Each of the 34 courses available can be enrolled in individually, or in packages. Each course is an approximately 1-hour session that consists of the opportunity for the students to interact with the associated artifacts, and a discussion exercise tailored for your specific class in accordance with your teacher's curriculum/recommendations. If the Course List below doesn’t fit your needs, we can work together to develop the presentation you desire – from control of the discussion topics to selection of items to be presented.
Jack Johnson & Company: (Colored) Champions of the World
When he captured the Heavyweight Title, Jack Johnson shook up not only the boxing world, but the social-political landscape of the world as well. His victories led to race riots, and forced a world to accept that, for a time, the best fighter on the planet was a Black man. However, Johnson was not alone; there was George Godfrey, Peter Jackson, Joe Jeanette, Sam Langford, Sam McVey, Joe Gans, and many other pioneering Black fighters that carried the torch from the days of Mollineaux to Joe Louis
Artifacts: Jack Johnson, Peter Jackson, Sam Langford, Joe Jeanette, Joe Gans, George Godfrey, Frank Craig, Sam McVey, Jim Johnson, George Dixon, The Dixie Kid, Joe Walcott, boxing cards, magazine articles, and newspaper articles, boxing video clips of Johnson, Joe Gans.
Poster of George Godfrey, One of the First Colored Heavyweight Champions of the World, circa 1900 - Before Jack Johnson became the first African-American to win the World Heavyweight belt, he first held the title of World's Colored Heavyweight Champion. Developed as a result of the refusal of white champions to fight black fighters once they earned their belts, the Colored Heavyweight title was the only title available to African-Americans prior to 1909, and after Johnson lost the belt to Jess Willard, would be the only title available to African-Americans until Joe Louis grabbed the crown in 1937. One of the earliest to hold the title was George Godfrey, a Canadian who reign as World Colored Heavyweight Champion from 1883 to 1888. After losing the title to Peter Jackson, Godfrey continued to fight into his early 40s, but ultimately passed away at the young age of 48 in 1901, from tuberculosis.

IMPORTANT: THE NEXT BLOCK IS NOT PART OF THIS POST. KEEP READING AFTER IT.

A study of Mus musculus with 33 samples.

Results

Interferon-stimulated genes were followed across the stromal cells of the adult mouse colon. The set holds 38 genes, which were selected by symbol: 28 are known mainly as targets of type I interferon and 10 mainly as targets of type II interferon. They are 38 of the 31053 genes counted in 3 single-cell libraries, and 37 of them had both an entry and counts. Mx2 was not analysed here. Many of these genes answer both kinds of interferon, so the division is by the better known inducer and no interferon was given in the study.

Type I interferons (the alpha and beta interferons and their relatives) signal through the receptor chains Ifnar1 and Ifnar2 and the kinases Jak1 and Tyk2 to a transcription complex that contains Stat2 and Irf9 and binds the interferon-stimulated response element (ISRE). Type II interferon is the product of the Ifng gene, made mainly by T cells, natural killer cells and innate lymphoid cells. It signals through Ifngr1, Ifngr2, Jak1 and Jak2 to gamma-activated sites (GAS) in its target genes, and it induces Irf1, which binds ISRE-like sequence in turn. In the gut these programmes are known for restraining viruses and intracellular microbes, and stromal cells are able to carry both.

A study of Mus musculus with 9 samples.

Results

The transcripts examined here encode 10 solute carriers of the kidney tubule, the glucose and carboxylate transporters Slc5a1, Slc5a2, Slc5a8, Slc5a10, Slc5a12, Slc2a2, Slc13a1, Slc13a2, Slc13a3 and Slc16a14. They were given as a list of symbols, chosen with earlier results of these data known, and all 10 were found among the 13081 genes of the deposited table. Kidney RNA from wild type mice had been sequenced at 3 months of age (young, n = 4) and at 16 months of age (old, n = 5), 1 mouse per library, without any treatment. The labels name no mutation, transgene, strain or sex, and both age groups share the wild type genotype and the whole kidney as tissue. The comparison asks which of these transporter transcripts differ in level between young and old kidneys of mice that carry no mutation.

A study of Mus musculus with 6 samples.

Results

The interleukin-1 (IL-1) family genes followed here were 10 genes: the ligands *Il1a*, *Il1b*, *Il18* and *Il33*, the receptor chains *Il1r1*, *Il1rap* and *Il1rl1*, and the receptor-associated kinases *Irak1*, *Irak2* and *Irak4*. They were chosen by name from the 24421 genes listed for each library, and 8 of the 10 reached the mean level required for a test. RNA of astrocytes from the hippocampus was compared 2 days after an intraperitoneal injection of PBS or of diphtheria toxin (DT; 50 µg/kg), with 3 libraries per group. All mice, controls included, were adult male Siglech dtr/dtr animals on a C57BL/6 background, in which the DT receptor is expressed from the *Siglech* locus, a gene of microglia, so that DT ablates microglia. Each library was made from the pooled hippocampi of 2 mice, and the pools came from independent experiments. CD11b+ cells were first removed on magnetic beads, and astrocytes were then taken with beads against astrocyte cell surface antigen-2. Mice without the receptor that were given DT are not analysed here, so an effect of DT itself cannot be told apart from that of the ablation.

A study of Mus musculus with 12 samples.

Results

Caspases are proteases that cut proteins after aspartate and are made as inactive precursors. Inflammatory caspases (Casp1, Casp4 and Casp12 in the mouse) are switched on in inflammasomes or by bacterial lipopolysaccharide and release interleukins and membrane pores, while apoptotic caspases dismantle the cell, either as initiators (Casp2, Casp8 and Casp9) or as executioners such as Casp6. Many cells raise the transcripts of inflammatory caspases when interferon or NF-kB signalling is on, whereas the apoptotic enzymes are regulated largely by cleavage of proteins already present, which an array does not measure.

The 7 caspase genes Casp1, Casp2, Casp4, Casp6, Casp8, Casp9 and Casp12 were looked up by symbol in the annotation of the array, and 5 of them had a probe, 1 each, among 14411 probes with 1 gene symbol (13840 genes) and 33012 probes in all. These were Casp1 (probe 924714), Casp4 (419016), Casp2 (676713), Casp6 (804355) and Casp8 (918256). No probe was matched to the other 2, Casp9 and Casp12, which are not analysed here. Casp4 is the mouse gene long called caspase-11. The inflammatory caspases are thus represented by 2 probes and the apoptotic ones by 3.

Poster of Sam Langford, circa 1905-1915 - When Jack Johnson defeated Tommy Burns in Sydney, Australia to earn the World Heavyweight crown, he was determined to be the only African-American to hold the title. While he took on all white opponents, he made a concerted effort to avoid fighting Black fighters - and had plenty reason to fear losing his belt. One of the men he refused to fight as champion was Sam Langford, shown above. Langford was short, stout, and extremely powerful - along the lines of Mike Tyson in his prime. He often fought me far taller and heavier, but was fear and respected by all. Though he didn't get a shot and the title, he fought some classic battles with Joe Jeanette, Sam McVey and other top Black fighters of his day.